I have learned, over the last 6-and-a-third years, to kick myself when I underestimate my child. I am continuously learning to never to make assumptions. It's something so many of us parents of children with Down syndrome learn pretty early on as we advocate for our loved ones and learn how to teach to them in ways we never knew existed. As the old adage goes, "never assume because it makes an Ass out of U and Me." So true.
We've been lucky never to have people pre-judge Samantha, at least not to our knowledge anyway. Maybe they do, but they have enough sense to keep their mouths shut, and, hopefully, to feel really guilty for it when they discover that they were oh, SO wrong. How can you make a judgemental statement in front of a parent that looks completely, hoplessly oblivious about their child's diagnosis? Oh, we are not oblivious, of that you can be sure, but, as I've said many, many times before, our lives do not revolve around Down syndrome. Let some poor fool open their mouth to state what they may feel is obvious, and pull us from our reverie that blossoms out of the truly ordinary lives we lead, and you'll find two wide-eyed, slack-jawed adults caught completely off-guard who may, given the right location, set you painfully straight.
Down syndrome awareness includes the abolition of incorrect and dated stereotypes and a focus on the abilities of people with Ds. 20 years ago, only a small handful of the population would have been able to tell you that people with Down syndrome could walk, talk, learn, read, have feelings, have friends, live independently, love... I find the 21st century to be more enlightened, although the assumptions of inability are still there. Hell, I make them myself! Any parent, whether one of a child with Down syndrome or not, is capable of making assumptions about their child, assuming they can't do something that seems to be above their learning level, assuming they will lead a particular life/lifestyle as they grow up, assuming any number of things.
Personally, I tend to underestimate Samantha in so many ways, on so many occasions. And yes, if that makes me an ass, then that's what I am, and it's a flaw I am working hard to correct. She has shown me time and time again that I am, although she is not yet able to give voice to that particular term (and I will not assume she won't at some given time in the future...). Did I ever think she would have such a brilliant sense of humor? No way. And is she really, purposefully funny? Heck yeah! Did I ever think she would be able to learn, academically, as she does? No way. But it fills me with indescribable and overwhelming pride to see her keeping up with so many of her classmates in so many aspects of her school day. Have I seen some of her peers, perhaps those without spoken language abilities still have incredible receptive language? Just because someone can't speak does not mean they don't understand or aren't trying to communicate - the incorrect assumptions here run rampant, sadly, and the aftereffects tragic.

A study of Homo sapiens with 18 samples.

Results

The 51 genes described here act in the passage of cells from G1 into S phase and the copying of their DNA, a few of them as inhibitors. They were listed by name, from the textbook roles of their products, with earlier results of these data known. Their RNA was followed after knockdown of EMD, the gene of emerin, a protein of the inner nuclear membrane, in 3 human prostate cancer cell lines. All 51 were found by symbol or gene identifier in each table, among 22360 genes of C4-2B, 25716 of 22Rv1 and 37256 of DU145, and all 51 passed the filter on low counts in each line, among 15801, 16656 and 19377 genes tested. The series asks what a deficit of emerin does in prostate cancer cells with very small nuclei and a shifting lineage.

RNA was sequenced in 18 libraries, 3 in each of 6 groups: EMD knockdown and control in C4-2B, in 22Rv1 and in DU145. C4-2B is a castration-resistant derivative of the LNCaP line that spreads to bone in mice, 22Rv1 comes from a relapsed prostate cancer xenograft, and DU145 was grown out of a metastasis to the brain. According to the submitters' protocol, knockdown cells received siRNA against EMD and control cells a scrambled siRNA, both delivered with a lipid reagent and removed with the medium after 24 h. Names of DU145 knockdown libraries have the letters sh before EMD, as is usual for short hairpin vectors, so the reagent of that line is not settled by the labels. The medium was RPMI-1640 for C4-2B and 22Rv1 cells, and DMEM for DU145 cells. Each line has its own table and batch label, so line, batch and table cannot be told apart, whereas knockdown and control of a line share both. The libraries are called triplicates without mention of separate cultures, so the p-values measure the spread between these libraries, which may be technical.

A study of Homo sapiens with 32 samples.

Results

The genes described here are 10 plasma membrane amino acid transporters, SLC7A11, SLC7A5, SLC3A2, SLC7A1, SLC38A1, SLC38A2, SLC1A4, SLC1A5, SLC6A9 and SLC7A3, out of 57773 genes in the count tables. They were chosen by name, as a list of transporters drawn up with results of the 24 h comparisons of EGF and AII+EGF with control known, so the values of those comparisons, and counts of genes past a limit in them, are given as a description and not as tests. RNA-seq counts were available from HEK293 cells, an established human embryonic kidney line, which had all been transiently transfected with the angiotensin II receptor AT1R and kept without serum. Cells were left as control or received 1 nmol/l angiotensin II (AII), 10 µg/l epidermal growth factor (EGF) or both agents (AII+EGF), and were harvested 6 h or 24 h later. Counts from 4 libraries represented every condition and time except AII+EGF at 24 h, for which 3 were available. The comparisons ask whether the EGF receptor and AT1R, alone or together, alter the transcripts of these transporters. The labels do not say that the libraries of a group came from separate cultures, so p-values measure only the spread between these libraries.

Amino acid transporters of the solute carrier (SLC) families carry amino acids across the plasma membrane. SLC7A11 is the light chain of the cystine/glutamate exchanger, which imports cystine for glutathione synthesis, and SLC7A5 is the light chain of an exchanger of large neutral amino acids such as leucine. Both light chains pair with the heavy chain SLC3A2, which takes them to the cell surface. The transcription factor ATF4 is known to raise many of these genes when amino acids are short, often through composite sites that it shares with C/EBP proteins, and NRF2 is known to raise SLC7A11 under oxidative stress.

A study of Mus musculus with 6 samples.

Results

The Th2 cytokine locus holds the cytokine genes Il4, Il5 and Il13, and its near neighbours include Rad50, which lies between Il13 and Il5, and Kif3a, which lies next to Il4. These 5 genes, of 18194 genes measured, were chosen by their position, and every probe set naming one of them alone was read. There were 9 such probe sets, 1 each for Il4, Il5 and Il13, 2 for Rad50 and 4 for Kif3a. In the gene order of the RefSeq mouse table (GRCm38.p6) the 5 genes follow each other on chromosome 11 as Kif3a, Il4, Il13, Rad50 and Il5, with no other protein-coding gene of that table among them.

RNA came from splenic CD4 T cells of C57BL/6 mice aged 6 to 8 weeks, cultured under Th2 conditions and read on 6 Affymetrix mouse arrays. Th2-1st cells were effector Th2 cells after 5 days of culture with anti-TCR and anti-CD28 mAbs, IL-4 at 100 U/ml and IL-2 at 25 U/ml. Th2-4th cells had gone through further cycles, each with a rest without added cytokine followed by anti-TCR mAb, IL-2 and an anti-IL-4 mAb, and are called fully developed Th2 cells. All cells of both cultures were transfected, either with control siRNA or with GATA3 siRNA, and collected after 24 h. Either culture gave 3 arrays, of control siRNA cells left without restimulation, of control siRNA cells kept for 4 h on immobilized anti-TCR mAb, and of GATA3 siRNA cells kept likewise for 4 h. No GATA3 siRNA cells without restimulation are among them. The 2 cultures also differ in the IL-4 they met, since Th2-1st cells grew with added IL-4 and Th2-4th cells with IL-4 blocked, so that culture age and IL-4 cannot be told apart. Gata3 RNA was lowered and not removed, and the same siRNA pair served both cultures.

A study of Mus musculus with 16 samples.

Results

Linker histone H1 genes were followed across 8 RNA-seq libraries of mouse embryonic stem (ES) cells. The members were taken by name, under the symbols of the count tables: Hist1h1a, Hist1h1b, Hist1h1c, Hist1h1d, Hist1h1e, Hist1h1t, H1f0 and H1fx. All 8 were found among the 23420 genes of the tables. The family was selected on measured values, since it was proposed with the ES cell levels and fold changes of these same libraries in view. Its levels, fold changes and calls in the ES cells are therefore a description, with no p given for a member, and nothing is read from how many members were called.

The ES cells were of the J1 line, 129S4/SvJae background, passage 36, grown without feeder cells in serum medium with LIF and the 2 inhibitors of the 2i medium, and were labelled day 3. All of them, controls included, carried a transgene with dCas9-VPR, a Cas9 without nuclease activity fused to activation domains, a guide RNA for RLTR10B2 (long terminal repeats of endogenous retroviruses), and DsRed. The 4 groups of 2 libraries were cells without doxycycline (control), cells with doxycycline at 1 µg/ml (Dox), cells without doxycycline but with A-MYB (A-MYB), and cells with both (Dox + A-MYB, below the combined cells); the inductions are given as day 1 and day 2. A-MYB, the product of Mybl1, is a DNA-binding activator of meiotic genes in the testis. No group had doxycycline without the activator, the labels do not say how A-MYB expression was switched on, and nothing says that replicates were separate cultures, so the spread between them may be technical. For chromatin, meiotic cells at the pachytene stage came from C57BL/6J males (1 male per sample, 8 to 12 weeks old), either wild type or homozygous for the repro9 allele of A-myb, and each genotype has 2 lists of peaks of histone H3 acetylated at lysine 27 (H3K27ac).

Rather than making assumptions about what someone can't do, perhaps opening ourselves up to have our minds blown by the abilities of people with disabilities is the more appropriate way to go about our lives. And, if I'm being honest, the act of having our minds blown by someone's abilities means that we may have had a preconceived assumption beforehand already. Perhaps the better way to go would be to see these incredible abilities and know that they're the norm. To not be surprised or blown away by them, to see them as the everyday, run-of-the-mill things that people do.
Now that would be a new day for our kids, and a lot fewer asses on the planet.
(btw, I'm still taking questions for next week's Q&A...please visit yesterday's post to leave them for me!)